Left to right: Jaden Lee, Matthew O’Connell and Samantha Paluch. Not pictured is Kai Lessard. (Island Health)

Four teens from Belmont Secondary School in Langford were given an award for their innovation and dedication to harm reduction education and training.

Jaden Lee, Kai Lessard, Samantha Paluch and Matthew O’Connell each received $1,000 and a framed certificate for their efforts in holding up the values of the Youth Harm Reduction Award that Island Health gives out annually. 

The award originated in Victoria when three youths lost a friend to drug poisoning and brought harm reduction training and education to their school in an effort to make sure this kind of thing did not happen again. 

Sadly, with every passing year more people across all BC municipalities lose their lives to the toxic drug crisis.


The four Belmont Secondary students were given this award because they surveyed 155 of their peers as part of a naloxone training event to find out what the awareness level of substance use was in their fellow students.

They did this survey in order to provide feedback to their school district and Island Health what further education and resources they thought their peers could benefit from on the topic of harm reduction. 

“It was really surprising for us to know that lots of people felt like the community needed more education regarding substance use,” says Jaden Lee, one of the winning youth. “And many didn’t know where to access the resources.”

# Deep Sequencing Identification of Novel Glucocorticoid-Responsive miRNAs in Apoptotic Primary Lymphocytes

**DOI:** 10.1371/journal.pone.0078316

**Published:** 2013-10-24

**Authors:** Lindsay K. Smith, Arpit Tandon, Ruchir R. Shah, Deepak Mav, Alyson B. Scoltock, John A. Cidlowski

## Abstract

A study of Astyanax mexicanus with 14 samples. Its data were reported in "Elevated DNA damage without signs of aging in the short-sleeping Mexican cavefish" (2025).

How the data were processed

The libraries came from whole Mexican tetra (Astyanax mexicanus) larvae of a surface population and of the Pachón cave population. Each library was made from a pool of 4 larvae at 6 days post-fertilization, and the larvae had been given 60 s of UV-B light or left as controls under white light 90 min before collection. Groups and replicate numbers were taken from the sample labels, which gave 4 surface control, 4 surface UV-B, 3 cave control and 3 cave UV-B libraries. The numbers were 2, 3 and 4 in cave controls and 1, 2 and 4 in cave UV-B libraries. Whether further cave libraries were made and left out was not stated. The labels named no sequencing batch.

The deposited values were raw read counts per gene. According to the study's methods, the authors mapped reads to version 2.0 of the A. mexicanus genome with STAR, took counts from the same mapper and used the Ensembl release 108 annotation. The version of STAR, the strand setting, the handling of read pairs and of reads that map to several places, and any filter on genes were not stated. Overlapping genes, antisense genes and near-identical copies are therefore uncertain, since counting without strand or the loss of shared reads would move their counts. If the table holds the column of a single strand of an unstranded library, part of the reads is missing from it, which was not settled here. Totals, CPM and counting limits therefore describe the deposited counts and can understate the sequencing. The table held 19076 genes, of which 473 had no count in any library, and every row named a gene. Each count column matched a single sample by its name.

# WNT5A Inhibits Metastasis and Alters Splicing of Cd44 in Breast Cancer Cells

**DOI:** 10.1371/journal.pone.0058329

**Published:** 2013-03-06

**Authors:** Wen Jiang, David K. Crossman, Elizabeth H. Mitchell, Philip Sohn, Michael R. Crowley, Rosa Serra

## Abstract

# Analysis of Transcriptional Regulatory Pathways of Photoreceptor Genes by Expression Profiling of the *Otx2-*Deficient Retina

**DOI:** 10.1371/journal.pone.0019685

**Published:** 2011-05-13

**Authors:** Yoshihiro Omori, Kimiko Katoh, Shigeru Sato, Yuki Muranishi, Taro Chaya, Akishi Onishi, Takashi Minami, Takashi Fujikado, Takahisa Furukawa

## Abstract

Next school year, Island Health will have a plan in place to help teachers deliver additional substance use resources to students as a direct result of these four teens’ efforts.

They also created a video highlighting their findings which helped School District 62 secure federal funding to pay for the education and resources required to add harm reduction subject matter into the curriculum. 

“Substance use should be talked about more, especially to young folks. It’s important to know these things,” added Samantha Paluch fellow award winner. 

“There are always going to be people affected by drugs and opioids, and if they are going to take them they should at least know how to do it safely.”

Harm reduction often gets cast in a negative light by people who don’t understand it. Some think it is just handing drugs to those who they believe are abusing substances — this isn’t the case.

Some common harm reduction tactics include calling a taxi if too much alcohol has been consumed to safely drive, wearing a seatbelt, using condoms and even wearing sunscreen. 

When it comes to drug use, harm reduction refers to providing life-saving naloxone training to as many people as possible, safe consumption sites and drug testing sites.

Because of these students’ efforts, harm reduction education will reach more students next year which will help contribute to reducing the number of people who die from drug poisoning.